Tip #549: What Is Optical Flow?

… for Apple Final Cut Pro X

Tip #549: What Is Optical Flow?

Larry Jordan – LarryJordan.com

Use Optical Flow for clips slower than 10%.

The video quality options in Final Cut Pro X’s Retime menu.

Topic $TipTopic

Optical Flow is a way to generate artificial frames to smooth extremely slow motion video. The ideal way to create extreme slomo is to shoot at a high frame rate, then slow it down. But, if you are editing after production is complete and no high-frame rate video was shot, you need to go to Plan B.

Optical Flow is Plan B.

When slowing a clip, you’ll get the best results by picking a speed percentage which divides evenly into 200. For example, 50, 33, 25, 20, 10, 5 and so on.

There are three choices for image quality:

  • Normal. Use this for speeds of 50% or faster, including fast motion/timelapse.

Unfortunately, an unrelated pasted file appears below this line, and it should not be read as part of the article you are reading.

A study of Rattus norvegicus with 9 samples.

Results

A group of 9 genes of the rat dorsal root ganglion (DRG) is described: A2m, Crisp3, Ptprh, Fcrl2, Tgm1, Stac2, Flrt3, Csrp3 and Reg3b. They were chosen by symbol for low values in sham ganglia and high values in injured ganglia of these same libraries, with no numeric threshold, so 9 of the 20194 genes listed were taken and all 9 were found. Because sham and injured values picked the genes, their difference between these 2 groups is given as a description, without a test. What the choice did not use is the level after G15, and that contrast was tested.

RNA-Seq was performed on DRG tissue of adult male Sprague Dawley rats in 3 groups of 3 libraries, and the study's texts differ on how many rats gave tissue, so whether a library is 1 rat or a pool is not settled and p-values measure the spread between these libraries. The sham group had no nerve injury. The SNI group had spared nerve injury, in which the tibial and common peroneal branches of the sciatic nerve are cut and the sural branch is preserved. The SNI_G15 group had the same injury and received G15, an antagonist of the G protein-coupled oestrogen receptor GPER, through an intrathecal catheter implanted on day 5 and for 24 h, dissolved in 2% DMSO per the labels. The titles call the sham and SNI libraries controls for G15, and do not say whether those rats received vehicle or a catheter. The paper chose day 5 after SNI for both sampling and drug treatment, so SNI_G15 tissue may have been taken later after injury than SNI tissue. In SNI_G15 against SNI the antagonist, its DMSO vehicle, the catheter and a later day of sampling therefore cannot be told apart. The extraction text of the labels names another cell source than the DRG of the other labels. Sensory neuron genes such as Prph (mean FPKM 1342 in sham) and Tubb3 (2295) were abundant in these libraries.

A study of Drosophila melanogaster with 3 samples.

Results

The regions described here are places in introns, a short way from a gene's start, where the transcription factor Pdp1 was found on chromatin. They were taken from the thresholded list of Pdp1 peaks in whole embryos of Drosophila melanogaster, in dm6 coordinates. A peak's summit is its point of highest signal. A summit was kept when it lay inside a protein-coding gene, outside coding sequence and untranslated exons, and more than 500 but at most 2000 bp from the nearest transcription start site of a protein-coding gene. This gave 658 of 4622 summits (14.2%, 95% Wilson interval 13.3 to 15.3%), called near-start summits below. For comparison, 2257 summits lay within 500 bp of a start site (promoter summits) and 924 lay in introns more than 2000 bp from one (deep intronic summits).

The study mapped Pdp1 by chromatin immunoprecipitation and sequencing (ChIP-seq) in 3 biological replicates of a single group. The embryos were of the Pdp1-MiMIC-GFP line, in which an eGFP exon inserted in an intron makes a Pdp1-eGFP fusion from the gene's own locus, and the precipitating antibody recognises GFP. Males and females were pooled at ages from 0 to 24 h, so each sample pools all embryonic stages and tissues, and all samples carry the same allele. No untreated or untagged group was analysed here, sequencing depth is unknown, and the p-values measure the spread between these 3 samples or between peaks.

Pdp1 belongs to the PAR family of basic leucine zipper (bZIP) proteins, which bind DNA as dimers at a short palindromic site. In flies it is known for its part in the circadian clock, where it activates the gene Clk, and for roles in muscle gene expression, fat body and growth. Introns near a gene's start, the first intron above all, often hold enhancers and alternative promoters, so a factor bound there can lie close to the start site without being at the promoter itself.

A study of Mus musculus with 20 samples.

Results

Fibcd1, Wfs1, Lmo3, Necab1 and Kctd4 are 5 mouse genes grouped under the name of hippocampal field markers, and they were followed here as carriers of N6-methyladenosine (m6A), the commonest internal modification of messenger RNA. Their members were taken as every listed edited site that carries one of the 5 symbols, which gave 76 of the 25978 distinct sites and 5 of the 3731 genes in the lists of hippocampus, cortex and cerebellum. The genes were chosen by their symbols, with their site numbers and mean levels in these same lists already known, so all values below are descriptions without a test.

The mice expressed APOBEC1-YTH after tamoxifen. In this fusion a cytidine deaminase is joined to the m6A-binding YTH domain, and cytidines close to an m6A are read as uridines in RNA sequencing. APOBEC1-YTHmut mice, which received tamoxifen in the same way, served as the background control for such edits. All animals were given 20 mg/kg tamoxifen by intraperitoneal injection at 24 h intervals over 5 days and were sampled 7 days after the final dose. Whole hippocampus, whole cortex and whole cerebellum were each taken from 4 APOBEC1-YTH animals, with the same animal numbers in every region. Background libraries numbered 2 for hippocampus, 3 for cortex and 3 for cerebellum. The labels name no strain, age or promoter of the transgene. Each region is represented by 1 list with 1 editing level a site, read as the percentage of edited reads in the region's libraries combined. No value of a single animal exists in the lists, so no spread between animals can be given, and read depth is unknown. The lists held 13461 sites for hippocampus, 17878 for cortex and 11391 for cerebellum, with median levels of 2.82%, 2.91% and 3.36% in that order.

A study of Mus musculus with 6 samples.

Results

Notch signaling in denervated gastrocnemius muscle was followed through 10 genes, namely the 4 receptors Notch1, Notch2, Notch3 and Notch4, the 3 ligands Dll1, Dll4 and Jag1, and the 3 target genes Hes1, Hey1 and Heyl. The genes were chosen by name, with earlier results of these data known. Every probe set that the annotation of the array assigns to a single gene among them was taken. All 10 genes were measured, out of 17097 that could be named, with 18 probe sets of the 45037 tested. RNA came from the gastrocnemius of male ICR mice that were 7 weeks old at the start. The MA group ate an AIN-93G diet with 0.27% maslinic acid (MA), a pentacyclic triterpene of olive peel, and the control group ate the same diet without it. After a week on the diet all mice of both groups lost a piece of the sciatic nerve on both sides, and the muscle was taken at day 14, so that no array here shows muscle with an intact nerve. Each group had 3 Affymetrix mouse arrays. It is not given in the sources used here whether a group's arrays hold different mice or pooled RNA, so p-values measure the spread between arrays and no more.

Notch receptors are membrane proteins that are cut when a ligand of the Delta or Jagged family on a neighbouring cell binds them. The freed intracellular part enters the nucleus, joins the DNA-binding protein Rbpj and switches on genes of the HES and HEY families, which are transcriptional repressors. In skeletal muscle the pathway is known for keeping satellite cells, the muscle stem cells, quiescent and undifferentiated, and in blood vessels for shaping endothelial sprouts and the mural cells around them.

• Frame Blending. Use this for speeds between 10 and 50%. This quickly dissoves between each slowed frame.
  • Optical Flow. This creates frames, what animators call “tweens” for very slow motion. Use this for speeds slower than 10%.

The problem is that optical flow often doesn’t work. By that I mean it generates strange artifacts, especially between foreground and background.

Over the years, I’ve found very few clips where optical flow works reliably. I tend to prefer frame blending with speeds at 20% or faster.

For extreme slow motion, the best option – and most reliable – is to shoot a high frame rate.


To apply Optical Flow, slow a clip using the Retime menu, then choose Optical Flow from Video Quality.